Editor's Note: We at POPSUGAR recognize that people of many genders and identities have female sex organs, not just those who are women, and Stix provides products for any person with female sex organs. In this interview, those people were referred to mainly as women.
Buying a pregnancy test at a drugstore isn't always the most private experience, which is unfortunate if you would prefer to keep the purchase — and all the matters of your health — to yourself. Even if you make a beeline to the checkout counter or hide the test under other items in your basket, you still have to interact with someone ringing it up. Of course, then there's the possibility of running into someone you know.
For Cynthia Plotch, that was her boyfriend's mother. After recounting the "terrible" situation to her friend Jamie Norwood, the duo quickly realized many others shared similar experiences and there was a clear need for a company that offered a more discreet and comfortable experience for purchasing pregnancy tests, as well as education and a sense of community. And so in the fall of 2019, Stix was founded.
The online, direct-to-consumer, "no-judgment" health company for people with female sex organs kicked off with a pregnancy test — an obvious choice given the brand's origin story — but has since launched ovulation tests, prenatal vitamins, UTI tests, UTI pain relief products, and a UTI supplement.
While one could argue that purchasing a pregnancy test online at any retailer offers slightly more privacy than heading into a store, what really sets Stix apart is its added focus on carefully curating health essentials.
"With Stix, we've really boiled it down to what women actually need. You don't need 16 different options of pregnancy tests. You just need one highly effective version of the product," Plotch said.
To ensure this promise of accuracy and effectiveness, Plotch said Stix always comes "back to science." All of the brand's pregnancy and ovulation products were ob-gyn certified and approved, while the UTI products were developed alongside urologists. All of the brand's content is medically reviewed too.
"It's really important to us to allow our customers to trust that what we're providing is accurate and scientifically-backed in the truth."
Stix products and the instructions that come with them, Plotch explained, are also meant to be incredibly intuitive and digestible.
Both the pregnancy tests and the ovulation tests were designed to have separate test and control windows, so you know exactly what red lines to look out for. Plotch also added that the pregnancy tests are small to allow discretion in shipping, packaging, and storage.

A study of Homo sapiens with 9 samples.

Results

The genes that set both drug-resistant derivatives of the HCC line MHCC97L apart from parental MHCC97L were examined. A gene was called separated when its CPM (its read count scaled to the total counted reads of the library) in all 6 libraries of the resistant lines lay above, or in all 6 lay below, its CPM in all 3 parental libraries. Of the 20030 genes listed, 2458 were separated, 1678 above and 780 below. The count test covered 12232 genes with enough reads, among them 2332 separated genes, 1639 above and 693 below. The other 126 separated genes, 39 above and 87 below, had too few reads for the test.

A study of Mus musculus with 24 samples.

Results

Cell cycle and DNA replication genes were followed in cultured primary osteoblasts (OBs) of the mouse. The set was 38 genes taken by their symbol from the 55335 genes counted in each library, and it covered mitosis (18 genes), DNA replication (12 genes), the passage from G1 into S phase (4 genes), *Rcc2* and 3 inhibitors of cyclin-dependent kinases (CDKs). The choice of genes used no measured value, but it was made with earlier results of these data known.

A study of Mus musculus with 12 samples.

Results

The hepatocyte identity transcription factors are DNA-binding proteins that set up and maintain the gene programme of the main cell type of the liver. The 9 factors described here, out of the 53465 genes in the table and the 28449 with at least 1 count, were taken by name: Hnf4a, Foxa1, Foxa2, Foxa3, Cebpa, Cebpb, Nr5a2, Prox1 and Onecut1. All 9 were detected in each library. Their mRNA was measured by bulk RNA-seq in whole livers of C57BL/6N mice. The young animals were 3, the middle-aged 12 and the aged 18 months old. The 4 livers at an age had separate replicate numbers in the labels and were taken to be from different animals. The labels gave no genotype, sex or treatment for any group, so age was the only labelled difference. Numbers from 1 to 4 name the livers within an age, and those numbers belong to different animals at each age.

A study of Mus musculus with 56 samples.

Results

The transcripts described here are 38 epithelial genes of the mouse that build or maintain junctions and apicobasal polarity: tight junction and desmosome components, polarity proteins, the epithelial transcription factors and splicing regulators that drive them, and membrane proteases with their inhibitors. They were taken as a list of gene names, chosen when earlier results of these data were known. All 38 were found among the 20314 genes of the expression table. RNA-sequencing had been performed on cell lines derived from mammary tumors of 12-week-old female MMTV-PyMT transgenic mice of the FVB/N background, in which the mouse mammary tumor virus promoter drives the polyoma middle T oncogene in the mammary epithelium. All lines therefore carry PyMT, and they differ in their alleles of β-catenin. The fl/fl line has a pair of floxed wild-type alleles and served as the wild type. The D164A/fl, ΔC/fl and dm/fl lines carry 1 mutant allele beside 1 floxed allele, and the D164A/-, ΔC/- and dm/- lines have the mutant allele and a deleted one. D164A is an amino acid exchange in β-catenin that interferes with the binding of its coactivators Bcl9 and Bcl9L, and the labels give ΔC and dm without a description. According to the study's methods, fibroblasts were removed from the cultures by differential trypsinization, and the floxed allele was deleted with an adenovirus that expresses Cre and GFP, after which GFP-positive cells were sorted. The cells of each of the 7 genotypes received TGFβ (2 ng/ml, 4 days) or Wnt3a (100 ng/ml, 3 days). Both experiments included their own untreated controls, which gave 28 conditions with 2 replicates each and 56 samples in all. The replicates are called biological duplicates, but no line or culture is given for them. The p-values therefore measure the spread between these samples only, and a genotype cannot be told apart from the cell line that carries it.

"Even when it comes down to the size font that we use, the kind of paper it's printed on, the colors, the diagrams: everything that we've done has been in order to make it really, really, really as easy as possible to understand," Plotch said.
After successfully launching pregnancy and ovulation tests, Plotch explained they continued to speak with their customers to get an idea of the problems they were facing with other products on the market. That brought Stix to the UTI category.
"The products that existed were terrible. It was hard and confusing to navigate. There's a lot of stigma around them, and that's really what drove us into the expansion," Plotch said.
The UTI tests, in particular, achieve that user-friendly nature with a green hand grip that allows you to easily hold the test while you pee on the strip.
Outside of the informative instructions that come with the products, Stix also offers an extensive library of educational resources on its website aimed at, as Plotch explained, "answering women's most googled health questions."
There, you can find articles, personal essays, and guides on a wide range of health-related topics, like pregnancy, UTIs, sex, period care, and ovulation.
A core part of Norwood and Plotch's goal with Stix is to present all of these products without any judgment about why you may be using them. For example, not everyone is using an ovulation test with the goal of getting pregnant. In fact, Plotch noted that half of the Stix ovulation and pregnancy test customers are not trying to get pregnant.
"Everything out there is all about getting you pregnant. Whether it's the name or like literal baby faces on the boxes, or like sappy pink coloring. It's horrible, and it makes you feel wrong if that's not your intended use, or if that's not even the outcome of your intended use. That branding and that voice has been really important to us," Plotch said.
As far as how Plotch feels to be one of the companies shutting down the ridiculous taboos of female-focused health and really opening up essential conversations?
"Great! That's the short answer. It's amazing how much innovation has happened and how much still needs to happen in this space. Women are constantly marginalized in healthcare, as are people of color, as are LGBTQ people. It's just not a system that has been built for us. And I think we see that in everything from the way products are developed and tested to the way education happens — that women have just been left behind by the system. We are proud to help catch up."
In terms of what's next for the brand, it's safe to assume that Stix will be sticking to its brand ethos of providing customers with thoughtful, science-backed health essentials — free of judgment.
"We look at giving women the confidence they need to manage their health. And that means providing great care in a lot of different ways. So, I think you can expect to see many different products from us in the future."